Samuel Mcquade will receive two years of supervised probation and must return the $17,768.13 he stole. He already has returned an additional $80,000 he took from the Kings View Condo Association.


Samuel Edwin Mcquade, of Bismarck, will receive two years of supervised probation for the theft. The class B felony carried a maximum 10-year sentence and a $20,000 fine. A class A felony charge of misapplication of entrusted property valuing more than $50,000 was dropped as part of the plea agreement. He also agreed to pay the full restitution of $17,768.13 in addition to court fees.

Mcquade already has returned an additional $80,000 he took from the homeowner's association.

Mcquade's LinkedIn page lists his current employment as the CFO of New York City-based M8 Financial Services LLC, though his attorney pointed out that the charges brought against him have cost Mcquade his job and will likely affect his ability to find employment in finance in the future.

Mcquade told the court Nov. 15 that despite the high-octane nature of his job, the pressure he felt from the homeowner's association board to negotiate a $25 monthly service fee to its bank paired with stress in his personal life -- including his wife's cancer treatment and his own alcoholism -- led him to make the improper transactions.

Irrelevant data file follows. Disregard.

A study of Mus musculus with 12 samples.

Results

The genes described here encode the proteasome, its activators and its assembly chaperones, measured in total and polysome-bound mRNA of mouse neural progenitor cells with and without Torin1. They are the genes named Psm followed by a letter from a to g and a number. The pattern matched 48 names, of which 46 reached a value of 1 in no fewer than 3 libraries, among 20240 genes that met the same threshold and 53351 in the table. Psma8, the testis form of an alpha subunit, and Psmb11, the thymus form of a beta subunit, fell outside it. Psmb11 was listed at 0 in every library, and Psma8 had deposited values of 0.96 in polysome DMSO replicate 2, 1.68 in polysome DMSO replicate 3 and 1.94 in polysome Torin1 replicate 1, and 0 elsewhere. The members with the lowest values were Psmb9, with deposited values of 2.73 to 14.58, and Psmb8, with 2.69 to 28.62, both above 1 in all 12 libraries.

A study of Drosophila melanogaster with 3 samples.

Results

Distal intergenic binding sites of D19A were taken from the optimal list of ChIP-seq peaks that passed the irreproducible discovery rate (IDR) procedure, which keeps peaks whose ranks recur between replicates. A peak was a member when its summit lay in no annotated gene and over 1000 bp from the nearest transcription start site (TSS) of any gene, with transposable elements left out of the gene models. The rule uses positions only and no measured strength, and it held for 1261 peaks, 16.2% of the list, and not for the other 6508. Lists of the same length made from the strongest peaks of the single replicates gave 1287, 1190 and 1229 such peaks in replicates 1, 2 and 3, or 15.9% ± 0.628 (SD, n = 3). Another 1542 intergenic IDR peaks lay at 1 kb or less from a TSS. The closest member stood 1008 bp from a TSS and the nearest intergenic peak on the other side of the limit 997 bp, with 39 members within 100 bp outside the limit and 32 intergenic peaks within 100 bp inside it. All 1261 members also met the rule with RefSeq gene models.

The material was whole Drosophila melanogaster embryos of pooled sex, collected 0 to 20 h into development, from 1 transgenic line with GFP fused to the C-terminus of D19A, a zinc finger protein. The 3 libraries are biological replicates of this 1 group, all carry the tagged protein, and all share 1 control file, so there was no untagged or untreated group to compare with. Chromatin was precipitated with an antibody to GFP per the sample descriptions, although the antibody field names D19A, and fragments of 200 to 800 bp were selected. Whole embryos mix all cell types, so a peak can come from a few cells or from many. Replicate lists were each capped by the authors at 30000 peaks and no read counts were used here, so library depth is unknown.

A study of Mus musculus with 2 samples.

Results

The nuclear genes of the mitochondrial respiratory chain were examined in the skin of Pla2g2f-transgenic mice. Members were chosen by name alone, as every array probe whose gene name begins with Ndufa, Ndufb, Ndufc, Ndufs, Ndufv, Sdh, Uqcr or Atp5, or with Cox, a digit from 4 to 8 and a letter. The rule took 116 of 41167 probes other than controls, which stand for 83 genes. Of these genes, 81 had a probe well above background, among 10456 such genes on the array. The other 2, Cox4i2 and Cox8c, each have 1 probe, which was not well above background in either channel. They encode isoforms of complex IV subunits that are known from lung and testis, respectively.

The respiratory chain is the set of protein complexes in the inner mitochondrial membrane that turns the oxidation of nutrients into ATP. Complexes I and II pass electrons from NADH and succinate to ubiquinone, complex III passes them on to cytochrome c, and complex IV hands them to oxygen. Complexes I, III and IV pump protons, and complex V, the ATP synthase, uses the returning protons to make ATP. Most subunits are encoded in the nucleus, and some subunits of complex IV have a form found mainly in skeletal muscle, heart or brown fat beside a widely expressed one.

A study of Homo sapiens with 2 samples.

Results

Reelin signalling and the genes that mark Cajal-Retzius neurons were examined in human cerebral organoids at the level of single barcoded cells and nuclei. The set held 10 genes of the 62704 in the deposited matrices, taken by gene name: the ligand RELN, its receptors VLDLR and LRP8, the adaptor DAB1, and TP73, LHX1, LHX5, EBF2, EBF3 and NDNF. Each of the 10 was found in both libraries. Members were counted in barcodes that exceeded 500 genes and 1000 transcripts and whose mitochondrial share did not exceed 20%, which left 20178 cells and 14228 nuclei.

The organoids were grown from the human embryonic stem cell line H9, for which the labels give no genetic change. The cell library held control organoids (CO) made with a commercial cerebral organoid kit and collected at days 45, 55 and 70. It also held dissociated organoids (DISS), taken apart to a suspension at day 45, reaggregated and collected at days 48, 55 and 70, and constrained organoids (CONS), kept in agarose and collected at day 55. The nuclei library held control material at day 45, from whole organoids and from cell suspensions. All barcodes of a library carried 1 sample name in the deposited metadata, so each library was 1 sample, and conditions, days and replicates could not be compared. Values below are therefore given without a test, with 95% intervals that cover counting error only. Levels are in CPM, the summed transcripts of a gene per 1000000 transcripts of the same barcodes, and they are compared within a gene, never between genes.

In his decision not to sentence Mcquade to any jail time, District Court Judge Don Hager cited the fact that Mcquade has no prior criminal history and the fact that he has already paid $80,000 in restitution. Hager also decided not to give Mcquade any additional fines, but did order him to undergo a chemical dependency evaluation.

"I was trying to get to the root of why this happened," Hager said of Mcquade's alcohol use. "And he told me."

Hannah Shirley covers crime, courts and criminal justice for the Grand Forks Herald. She is a 2018 graduate of the University of Idaho and has lived and worked in Grand Forks since 2019. Prior to moving to North Dakota, she worked as a reporter for the Berkshire Record in Great Barrington, Mass., a receptionist for the Moscow-Pullman Daily News in Moscow, Idaho, and a barista in a New York City coffee shop. She can be reached by phone at (701) 780-1267 or by email at hshirley@gfherald.com.